RAF Tornados Return Home From Operations For Last Time

RAF Tornado GR4s have returned to Britain from operations in the Middle East for the final time.

On Tuesday, the homecoming Tornados landed at RAF Marham in Norfolk, with personnel and their families watching on to celebrate the end of an era.

After four decades of service, the aircraft is being retired as the RAF moves to more advanced and modern capability.

Tornado weapon capabilities have been transferred to the Typhoon, while there are nine of the F-35B aircraft ready for operations.

The final air strikes by Tornado fighters were launched over Syria at the end of January.

Four Decades Of Service

Built by Britain, Germany and Italy to fight the Cold War, the Tornado entered service in 1979.

The jet's distinctive swept-wing design was considered cutting edge at the time and she was the first European jet to use fly-by-wire controls.

Tornado pilots get ready for take off 050219 CREDIT MOD.jpg
Tornado pilots get ready for take off (Picture: MOD).

Power came from two Rolls Royce RB199 engines that were able to push the Tornado to Mach 1.3.

The Tornado first saw combat in the First Gulf War where she flew low-level bombing missions in Iraq. But it came at a price - six were lost and the RAF later decided to switch to medium missions.

In 1997 the GR1 was upgraded and its successor, the GR4, was given upgraded avionics and the ability to carry cruise missiles.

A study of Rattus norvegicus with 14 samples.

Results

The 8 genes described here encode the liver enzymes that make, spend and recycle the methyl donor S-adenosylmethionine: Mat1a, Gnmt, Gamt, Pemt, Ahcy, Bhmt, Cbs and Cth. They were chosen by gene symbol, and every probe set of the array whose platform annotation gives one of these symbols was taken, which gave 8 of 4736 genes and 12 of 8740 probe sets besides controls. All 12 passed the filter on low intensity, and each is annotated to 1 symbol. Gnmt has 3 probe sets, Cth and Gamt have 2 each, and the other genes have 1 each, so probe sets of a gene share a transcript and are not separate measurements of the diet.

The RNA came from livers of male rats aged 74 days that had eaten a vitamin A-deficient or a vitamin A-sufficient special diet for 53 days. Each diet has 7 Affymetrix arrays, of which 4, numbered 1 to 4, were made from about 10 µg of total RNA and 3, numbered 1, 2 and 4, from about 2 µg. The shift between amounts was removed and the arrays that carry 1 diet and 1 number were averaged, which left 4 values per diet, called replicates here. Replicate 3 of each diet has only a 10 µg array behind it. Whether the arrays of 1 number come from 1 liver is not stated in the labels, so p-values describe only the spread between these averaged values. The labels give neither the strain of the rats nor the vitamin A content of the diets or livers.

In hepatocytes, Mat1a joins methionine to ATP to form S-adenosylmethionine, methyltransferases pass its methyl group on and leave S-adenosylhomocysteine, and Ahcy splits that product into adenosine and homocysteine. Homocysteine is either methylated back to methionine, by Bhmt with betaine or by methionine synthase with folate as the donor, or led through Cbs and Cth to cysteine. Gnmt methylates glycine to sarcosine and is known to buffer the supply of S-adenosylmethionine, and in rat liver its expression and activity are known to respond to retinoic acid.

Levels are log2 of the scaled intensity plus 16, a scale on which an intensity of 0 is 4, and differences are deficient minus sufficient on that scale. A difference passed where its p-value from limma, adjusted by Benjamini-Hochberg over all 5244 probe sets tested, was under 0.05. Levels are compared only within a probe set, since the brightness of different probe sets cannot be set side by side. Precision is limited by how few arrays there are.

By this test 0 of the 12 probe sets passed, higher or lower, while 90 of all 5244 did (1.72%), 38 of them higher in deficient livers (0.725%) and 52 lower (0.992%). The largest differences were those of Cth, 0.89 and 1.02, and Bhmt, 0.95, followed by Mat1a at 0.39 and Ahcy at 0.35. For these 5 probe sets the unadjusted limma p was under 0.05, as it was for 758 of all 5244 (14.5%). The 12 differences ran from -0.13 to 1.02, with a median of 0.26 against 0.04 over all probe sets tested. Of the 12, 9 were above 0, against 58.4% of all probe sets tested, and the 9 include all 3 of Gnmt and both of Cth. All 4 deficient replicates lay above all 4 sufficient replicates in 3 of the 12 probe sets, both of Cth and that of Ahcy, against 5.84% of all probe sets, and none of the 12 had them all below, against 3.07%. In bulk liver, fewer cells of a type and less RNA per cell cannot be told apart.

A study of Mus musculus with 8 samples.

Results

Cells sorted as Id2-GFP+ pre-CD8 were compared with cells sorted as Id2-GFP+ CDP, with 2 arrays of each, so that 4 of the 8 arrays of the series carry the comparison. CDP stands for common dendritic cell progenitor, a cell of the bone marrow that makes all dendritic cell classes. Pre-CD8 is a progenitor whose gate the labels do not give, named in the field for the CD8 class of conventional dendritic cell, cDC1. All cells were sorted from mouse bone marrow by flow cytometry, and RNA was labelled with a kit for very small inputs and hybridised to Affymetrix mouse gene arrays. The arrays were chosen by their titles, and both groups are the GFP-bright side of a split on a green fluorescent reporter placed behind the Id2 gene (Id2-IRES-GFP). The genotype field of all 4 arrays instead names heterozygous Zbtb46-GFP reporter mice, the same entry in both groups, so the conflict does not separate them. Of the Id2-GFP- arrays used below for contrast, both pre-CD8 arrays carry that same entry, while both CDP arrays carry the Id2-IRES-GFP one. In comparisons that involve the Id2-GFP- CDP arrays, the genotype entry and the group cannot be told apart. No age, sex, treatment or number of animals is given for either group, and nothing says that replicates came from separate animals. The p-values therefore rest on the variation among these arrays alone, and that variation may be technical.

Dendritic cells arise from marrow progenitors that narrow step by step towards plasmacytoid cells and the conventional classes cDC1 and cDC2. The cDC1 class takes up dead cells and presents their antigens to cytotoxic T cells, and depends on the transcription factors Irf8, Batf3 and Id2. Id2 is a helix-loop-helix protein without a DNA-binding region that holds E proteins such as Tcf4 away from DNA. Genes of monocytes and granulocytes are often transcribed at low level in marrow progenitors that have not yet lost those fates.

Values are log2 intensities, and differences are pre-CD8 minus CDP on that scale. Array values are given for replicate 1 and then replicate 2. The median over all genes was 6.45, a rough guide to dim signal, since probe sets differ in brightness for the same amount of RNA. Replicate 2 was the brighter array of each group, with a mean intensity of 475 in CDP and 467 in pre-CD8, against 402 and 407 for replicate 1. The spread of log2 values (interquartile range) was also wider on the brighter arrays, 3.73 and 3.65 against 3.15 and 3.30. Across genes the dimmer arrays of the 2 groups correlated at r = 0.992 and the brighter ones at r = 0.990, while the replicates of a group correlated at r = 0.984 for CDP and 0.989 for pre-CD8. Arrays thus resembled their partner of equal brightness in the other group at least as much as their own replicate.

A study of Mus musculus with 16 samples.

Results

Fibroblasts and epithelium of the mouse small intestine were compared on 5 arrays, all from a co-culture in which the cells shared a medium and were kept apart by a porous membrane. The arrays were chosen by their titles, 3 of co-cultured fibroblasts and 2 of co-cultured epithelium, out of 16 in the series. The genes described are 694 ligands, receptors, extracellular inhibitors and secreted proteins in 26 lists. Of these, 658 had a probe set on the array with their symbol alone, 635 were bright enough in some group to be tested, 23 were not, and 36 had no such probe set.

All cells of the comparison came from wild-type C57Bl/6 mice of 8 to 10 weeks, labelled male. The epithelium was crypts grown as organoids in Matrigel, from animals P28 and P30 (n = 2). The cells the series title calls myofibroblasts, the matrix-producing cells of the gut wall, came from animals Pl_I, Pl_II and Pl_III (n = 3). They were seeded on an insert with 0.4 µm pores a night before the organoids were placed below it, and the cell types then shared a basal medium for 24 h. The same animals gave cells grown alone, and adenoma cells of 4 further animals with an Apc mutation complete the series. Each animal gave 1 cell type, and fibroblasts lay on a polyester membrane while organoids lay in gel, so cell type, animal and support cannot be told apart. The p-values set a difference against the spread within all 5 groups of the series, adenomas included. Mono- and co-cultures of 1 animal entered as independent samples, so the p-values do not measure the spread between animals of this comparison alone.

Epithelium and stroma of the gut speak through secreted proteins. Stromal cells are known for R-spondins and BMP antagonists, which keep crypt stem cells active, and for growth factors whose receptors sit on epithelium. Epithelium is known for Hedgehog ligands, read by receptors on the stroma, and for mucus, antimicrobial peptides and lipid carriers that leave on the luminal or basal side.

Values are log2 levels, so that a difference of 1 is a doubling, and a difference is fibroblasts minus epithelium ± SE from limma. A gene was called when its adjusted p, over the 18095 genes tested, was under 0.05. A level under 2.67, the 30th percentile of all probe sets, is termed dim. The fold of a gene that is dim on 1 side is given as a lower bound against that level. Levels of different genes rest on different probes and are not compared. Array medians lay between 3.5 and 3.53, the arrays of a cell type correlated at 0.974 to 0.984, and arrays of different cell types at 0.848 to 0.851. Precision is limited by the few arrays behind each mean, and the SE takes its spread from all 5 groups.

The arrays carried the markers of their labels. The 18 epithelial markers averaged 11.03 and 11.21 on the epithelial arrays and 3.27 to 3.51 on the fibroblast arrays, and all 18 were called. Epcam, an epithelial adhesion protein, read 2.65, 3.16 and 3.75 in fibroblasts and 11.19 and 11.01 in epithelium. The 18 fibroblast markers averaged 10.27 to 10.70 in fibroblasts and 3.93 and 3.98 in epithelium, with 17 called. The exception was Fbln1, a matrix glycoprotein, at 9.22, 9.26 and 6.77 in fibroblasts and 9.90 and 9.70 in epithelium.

The final two decades of the Tornados' working life were by far the busiest and the plane was tasked with flying thousands of sorties over Iraq and Afghanistan.

RAF Tornado leaves Cyprus for final time 050219 CREDIT MOD.jpg
A Tornado begins its journey from Cyprus to Norfolk (Picture: MOD).

By the time Tornado production ended in 1998, just short of a thousand had been built.

The rise of so-called Islamic State saw eight GR4s relocated to RAF Akrotiri where they flew daily missions over Iraq and Syria as part of Operation Shader.

Taking on much of her workload is the Typhoon, which will undergo a £2 billion investment over the next decade.

Planned upgrades include more powerful engines, more interactive cockpits, new helmets for pilots and efforts to reduce the Typhoon's signature – which should make the aircraft harder to detect.

Tornado crews talk about the final combat sorties

"This truly is the end of an era, having played a vital role in keeping Britain and its allies safe for four decades,"’ Defence Secretary Gavin Williamson said.

"After so long in service, it is only right that we now look to the future.

"The combination of our state-of-the-art F35s and the Typhoon’s new weapon systems will keep us as a world leader in air combat for a generation."

The Tornado’s official retirement date is in March and in the meantime, the fighter jet will be used for training purposes.